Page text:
Senate Minority Leader Charles Schumer and Sen. Kirsten Gillibrand today called on Steve Dickson, President Donald Trump’s nominee to serve as the next administrator of the Federal Aviation Administration, to commit to addressing the problem of overhead aircraft noise in New York.
Schumer and Gillibrand are calling on Dickson to commit to: finalizing the review of public comments on the north shore route that is mandated by law; enforcing an all-water route around Orient Point and Shelter Island; creating a route over the Atlantic Ocean on the south shore for aircraft flying to and from the East End; improving communication between the FAA and noise-affected communities; seeking community input on noise impacts and abatement needs and incorporating concerns into FAA planning; and prioritizing FAA resources towards noise mitigation projects.
“Before we will consider any new nominee to head the FAA, we need to hear from the nominee about what will be done to address the high levels of airplane and helicopter noise that challenge so many communities in Long Island, Queens, the Bronx and elsewhere,” Schumer said in a press release issued Friday evening. “That is why we are demanding that the nominee for FAA administrator commit to listening and responding with specific policy changes to the long-ignored frustrations of New Yorkers overburdened by aircraft noise.”
In a letter sent to Dickson today, Schumer and Gillibrand demanded answers to their concerns before the Senate considers his nomination.
“Communities on the East End of Long Island and in Queens have continuously suffered from the noise of helicopter overflights,” the senators wrote.
“These overflights become unbearable for residents during the summer months when air traffic increases exponentially.”
The senators said the FAA has failed to adequately address the concerns raised by the affected communities and provide for real noise mitigation that improves their quality of life.
“We have repeatedly heard complaints from community groups that the FAA feels inaccessible to them,” they wrote.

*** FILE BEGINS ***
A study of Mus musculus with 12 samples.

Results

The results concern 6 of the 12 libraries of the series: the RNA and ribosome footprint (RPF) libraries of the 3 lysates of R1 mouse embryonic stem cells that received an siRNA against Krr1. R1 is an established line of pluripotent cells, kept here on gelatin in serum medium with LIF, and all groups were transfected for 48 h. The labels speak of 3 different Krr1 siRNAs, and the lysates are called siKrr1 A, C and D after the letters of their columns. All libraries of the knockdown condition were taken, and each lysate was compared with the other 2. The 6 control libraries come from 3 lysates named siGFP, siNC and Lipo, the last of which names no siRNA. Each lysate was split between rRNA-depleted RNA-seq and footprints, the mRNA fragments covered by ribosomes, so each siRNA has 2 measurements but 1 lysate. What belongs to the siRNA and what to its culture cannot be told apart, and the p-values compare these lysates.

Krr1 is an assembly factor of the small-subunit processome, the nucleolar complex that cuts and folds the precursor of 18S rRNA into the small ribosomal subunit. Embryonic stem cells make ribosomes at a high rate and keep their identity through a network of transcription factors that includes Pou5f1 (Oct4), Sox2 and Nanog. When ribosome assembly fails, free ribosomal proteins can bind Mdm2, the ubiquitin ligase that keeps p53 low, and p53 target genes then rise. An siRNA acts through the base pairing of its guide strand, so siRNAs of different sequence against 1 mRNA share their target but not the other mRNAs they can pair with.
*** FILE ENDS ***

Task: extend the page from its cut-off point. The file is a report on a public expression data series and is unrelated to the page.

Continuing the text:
Last year’s FAA reauthorization bill included a provision penned by Rep. Lee Zeldin that required the FAA to hold public hearings to directly hear the concerns of Long Island residents. The provision also required the FAA to review the north shore helicopter route, which is responsible for the majority of overhead noise for North Fork residents.
Instead of a public hearing, the agency held three informational workshops on the helicopter issue on Long Island in November. FAA representatives were available to speak with residents about the north shore Helicopter Route. One of the workshops was held at the Riverhead Middle School. Maps and graphics were positioned around the perimeter of the Riverhead Middle School cafeteria and FAA representatives stood by to answer questions. People were invited to submit written comments to the agency at the forum.
Demands by Zeldin and Schumer that the FAA hold a public hearing fell on deaf ears.
The FAA said the workshop format was “consistent with the purpose of the directive, which is to get feedback from the communities affected by the New York north shore helicopter route.”
But the refusal to hold a public hearing on the issue angered local residents and elected officials.
“The workshops they held were more equivalent to a junior high school science fair or a child’s show and tell,” Riverhead Supervisor Laura Jens-Smith said at a Nov. 28 press conference.
The senators said they support a mandatory all-water helicopter route around Orient Point and Shelter Island, and the creation of a route over the Atlantic Ocean on the South Shore, to alleviate the public nuisance caused by helicopters flying over residential areas.
In their letter to Dickson, Schumer and Gillibrand said the FAA public meeting did not fully address residents’ concerns, and that the FAA has not yet produced a timeline to complete the review of the north shore helicopter route. Furthermore, the senators noted that the FAA has not yet completed reviewing the 345 public comments on the review of the north shore helicopter route, even though the public comment period closed over six months ago.
The north shore route was intended to keep helicopters over the Long Island Sound from Manhattan eastward, to quiet the skies of the north shore — in Nassau and western Suffolk, where local residents were complaining about noise. But the rule allows helicopter pilots to “transition” over the North Fork as they make their way to South Fork destinations — mostly the municipal airport in East Hampton.
The north shore route actually made the helicopter noise levels worse for North Fork residents by requiring pilots to stay off the coast until they got out east, with the effect of funneling all NYC-Hamptons helicopter traffic over the North Fork, Southold Town Supervisor Scott Russell said in a past interview.
The rule imposing the north shore route was first adopted 2012, over the objection of helicopter pilots, who sued in federal court to overturn it. A judge upheld the rule. The FAA extended it for two years in 2014 and again in 2016 — that time for four years and without any public comment period. The FAA decided to act on it on an “emergency” basis, surprising and angering elected officials.